Did mass hysteria have a ghost of a chance of occurring in Oxgangs in the early to middle sixties?
According to Wikipedia the term mass hysteria refers to collective delusions of threats to society which spread rapidly through rumours and fear. The White Lady was a ghost who was rumoured to have appeared during the 1960s, close to the old school grounds of the former school and been seen by some Hunters Tryst School pupils near Comiston Farm and Comiston FarmHouse
At this time Hunters Tryst School had the most wonderful and extensive school grounds. At the far south-east there was a delightful little copse of woods where the more adventurous or wildest pupils played. The little woodland was relatively far from the school buildings-indeed if the school lunch bell rang out, no matter how fast a runner you were, if you were playing there it was too far away to return to the classroom on time.
The copse sat on a small raised ridge on higher ground-really on a small hillock above the far away second school pitch which nestled down below. The former sports pitch is where the new Pentland Primary School is sited today.
In this old wood were half a dozen large old trees, some bushes and brush and a path which extended to the school boundary. The first tree had a Tarzan swing on it. It was an excellent spot because children could swing out from the ridged hillock over the immediate drop, which curved away to the grassy valley below.
Comiston House Stables (Photograph by Alan Brown)
At the far end of the copse was a metal fence which formed the extensive boundary of the school. On the other side of the fence were the former Comiston Farm buildings and Comiston House. It was here that some girls had sworn they had seen and been terrified by the appearance of a ghostly white lady. The girls were in such a state of shock that the headmaster Mr Mackenzie and schoolteachers became involved and also the local police too. The sighting went viral and many pupils were seriously spooked, upset and in tears. This happened deep into the autumn months when there were heavy mists around in late October or early November, 1965.
Sheer bravado on my part, I joined a few friends at lunchtime and we headed up to the copse to see if we might catch sight of the ghostly figure. It was very quiet. The only sounds which could be caught on the autumn breeze were distant children’s voices playing in the far playgrounds. Of course, we didn't see the ghost. We weren't disappointed as it only added to the tension as to what might be out there.
Later that day after school and just as dusk was beginning to fall we ventured out to the old farm buildings. As we roamed around the gloaming and the mist enshrouded surroundings we were on red alert. Darkness was beginning to fall. Talk about a finger on the trigger- when we were very close to Comiston Farm, of a sudden someone screamed out that they had heard something and that was enough-we all turned tail and took to our heels like Tam O'Shanter and ran toward Oxgangs Broadway, down Oxgangs Street and all the way home to the sanctuary of The Stair, without ever looking behind once, in case we might be turned into a pillar of salt!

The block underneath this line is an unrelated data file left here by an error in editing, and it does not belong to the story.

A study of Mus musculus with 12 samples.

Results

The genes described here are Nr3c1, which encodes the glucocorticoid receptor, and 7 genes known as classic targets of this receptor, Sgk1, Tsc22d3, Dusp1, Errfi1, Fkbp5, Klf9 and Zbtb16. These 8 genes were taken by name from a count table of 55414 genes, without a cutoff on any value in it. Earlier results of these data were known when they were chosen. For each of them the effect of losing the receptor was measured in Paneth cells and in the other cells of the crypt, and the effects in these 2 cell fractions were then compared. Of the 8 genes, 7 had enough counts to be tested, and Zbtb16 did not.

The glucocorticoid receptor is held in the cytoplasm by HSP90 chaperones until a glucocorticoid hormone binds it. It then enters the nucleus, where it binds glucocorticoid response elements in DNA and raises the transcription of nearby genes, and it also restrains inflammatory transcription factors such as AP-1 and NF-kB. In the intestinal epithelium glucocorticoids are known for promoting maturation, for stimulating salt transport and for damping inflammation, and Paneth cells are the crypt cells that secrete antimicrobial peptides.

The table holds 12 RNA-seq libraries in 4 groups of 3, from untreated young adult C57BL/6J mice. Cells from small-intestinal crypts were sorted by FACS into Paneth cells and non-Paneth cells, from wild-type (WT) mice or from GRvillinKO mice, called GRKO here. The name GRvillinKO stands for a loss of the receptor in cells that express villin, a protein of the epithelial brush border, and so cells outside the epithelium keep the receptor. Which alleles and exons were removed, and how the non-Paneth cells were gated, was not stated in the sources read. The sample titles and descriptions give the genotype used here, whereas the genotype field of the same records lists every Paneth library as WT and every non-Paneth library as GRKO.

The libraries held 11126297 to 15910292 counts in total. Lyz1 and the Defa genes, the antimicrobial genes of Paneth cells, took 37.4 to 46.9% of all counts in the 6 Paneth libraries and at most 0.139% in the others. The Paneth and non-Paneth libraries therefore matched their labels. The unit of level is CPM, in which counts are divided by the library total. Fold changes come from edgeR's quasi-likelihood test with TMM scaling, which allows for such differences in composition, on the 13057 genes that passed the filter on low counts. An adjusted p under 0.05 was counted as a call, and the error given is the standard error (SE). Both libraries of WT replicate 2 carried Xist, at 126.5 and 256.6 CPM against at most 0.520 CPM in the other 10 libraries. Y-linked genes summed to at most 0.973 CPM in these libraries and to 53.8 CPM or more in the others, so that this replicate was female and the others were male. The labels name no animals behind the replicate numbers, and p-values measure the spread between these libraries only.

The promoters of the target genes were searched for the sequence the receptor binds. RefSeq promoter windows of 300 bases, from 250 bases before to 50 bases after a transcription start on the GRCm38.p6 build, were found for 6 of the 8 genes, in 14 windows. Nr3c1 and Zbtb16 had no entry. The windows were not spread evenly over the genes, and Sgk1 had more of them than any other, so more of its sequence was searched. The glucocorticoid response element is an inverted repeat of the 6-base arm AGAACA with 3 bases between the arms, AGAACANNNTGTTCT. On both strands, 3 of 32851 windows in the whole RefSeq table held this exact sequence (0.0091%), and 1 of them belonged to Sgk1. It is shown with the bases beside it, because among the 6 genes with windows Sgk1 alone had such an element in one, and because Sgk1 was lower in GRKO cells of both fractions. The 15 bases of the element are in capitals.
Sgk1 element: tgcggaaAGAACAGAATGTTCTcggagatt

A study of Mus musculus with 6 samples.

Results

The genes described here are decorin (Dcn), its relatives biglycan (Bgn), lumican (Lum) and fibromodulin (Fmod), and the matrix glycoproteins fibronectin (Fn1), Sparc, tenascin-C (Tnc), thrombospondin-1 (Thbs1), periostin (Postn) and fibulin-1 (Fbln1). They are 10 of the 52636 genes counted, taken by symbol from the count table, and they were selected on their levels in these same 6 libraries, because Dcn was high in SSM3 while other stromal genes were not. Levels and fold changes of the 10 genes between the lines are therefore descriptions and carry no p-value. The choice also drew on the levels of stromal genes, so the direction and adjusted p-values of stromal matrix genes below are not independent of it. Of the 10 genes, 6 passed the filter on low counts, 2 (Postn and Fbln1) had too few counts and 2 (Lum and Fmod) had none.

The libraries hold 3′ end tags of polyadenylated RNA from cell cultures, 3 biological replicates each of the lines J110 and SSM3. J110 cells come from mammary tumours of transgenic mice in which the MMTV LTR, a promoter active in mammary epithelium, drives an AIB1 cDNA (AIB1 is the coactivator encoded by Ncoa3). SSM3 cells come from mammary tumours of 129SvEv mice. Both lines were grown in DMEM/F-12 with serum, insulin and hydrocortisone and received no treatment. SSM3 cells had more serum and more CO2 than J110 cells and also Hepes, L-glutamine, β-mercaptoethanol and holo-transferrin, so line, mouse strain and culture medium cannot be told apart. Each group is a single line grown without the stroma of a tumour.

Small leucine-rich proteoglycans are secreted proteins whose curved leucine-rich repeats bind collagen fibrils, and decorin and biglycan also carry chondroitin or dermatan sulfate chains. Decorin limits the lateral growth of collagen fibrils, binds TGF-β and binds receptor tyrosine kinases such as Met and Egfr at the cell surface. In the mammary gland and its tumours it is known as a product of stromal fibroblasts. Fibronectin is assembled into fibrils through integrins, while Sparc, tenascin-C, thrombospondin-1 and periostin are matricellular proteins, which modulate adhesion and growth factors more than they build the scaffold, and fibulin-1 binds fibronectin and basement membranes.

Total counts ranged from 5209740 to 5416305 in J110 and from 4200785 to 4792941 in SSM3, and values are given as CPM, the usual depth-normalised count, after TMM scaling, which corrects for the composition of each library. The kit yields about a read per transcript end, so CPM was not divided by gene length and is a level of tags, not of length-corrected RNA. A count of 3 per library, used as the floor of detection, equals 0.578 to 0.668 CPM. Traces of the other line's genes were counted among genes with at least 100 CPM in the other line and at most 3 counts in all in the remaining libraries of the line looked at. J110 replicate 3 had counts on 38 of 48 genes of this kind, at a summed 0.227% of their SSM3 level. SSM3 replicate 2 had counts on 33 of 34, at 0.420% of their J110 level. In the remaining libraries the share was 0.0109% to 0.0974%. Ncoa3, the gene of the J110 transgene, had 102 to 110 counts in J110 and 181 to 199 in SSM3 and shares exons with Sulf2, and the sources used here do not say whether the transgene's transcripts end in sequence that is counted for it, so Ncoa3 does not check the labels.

The day after, a dictat went out from the school-until further notice, the copse and the immediate area of the old farm were firmly out of bounds to all pupils-rather similar to when we were banned from visiting the army's firing range at Dreghorn where we collected used ammunition.
Decades before the advent of social websites and the internet, knowledge and information came slowly. It's understandable how rumours could spread and create mass hysteria in the locality. So much so that many children didn't venture out after school and during playtime and lunch breaks we remained close to the sanctuary of the school.
If someone had asked about this episode in later years I would have laughed it off as nonsense...and yet...and yet, how does one explain the following quote from Edinburgh: Picturesque Notes by Robert Louis Stevenson:
The district is dear to the superstitious. Hard by, at the back-gate of Comiston, a belated carter beheld a lady in white, 'with the most beautiful, clear shoes upon her feet,' who looked upon him in a very ghastly manner and then vanished.
I would be surprised if the girls were familiar with the works of RLS, particularly as this is one of his lesser known books. So, perhaps they really did see something. Clearly the City Fathers have recognised this by the new addition to the area's names: White Lady Walk.
Comiston (Photograph by Alan Brown)
Today some of the children at the new local Pentland School occasionally tell tales of The White Lady. Certainly, I'd be reluctant to venture there on a late autumn, misty day, toward dusk.
Anonymous Comment, 2 March, 2016: 'When I was around the age of 10 in the early 70s I used to go up to Bonaly, Oxgangs and the Pentlands Hills with my friend during the school holidays. One occasion we got such a scare that we didn't stop running until we reached home; we were both walking down a dirt footpath near an old rubber mill and for some reason we both turned around and witnessed a woman with a white dress hovering off the ground and you could see the grass underneath her feet. It spooked us and I have never run so fast in my life. On getting home I explained this to my mum who said, 'Oh that will be the White Lady'. As the days passed we just got on with our lives and tonight for some reason it popped into my head again so I did some checking on line and came across this Blog.’ Did mass hysteria have a ghost of a chance of happening in Oxgangs in the early to middle sixties?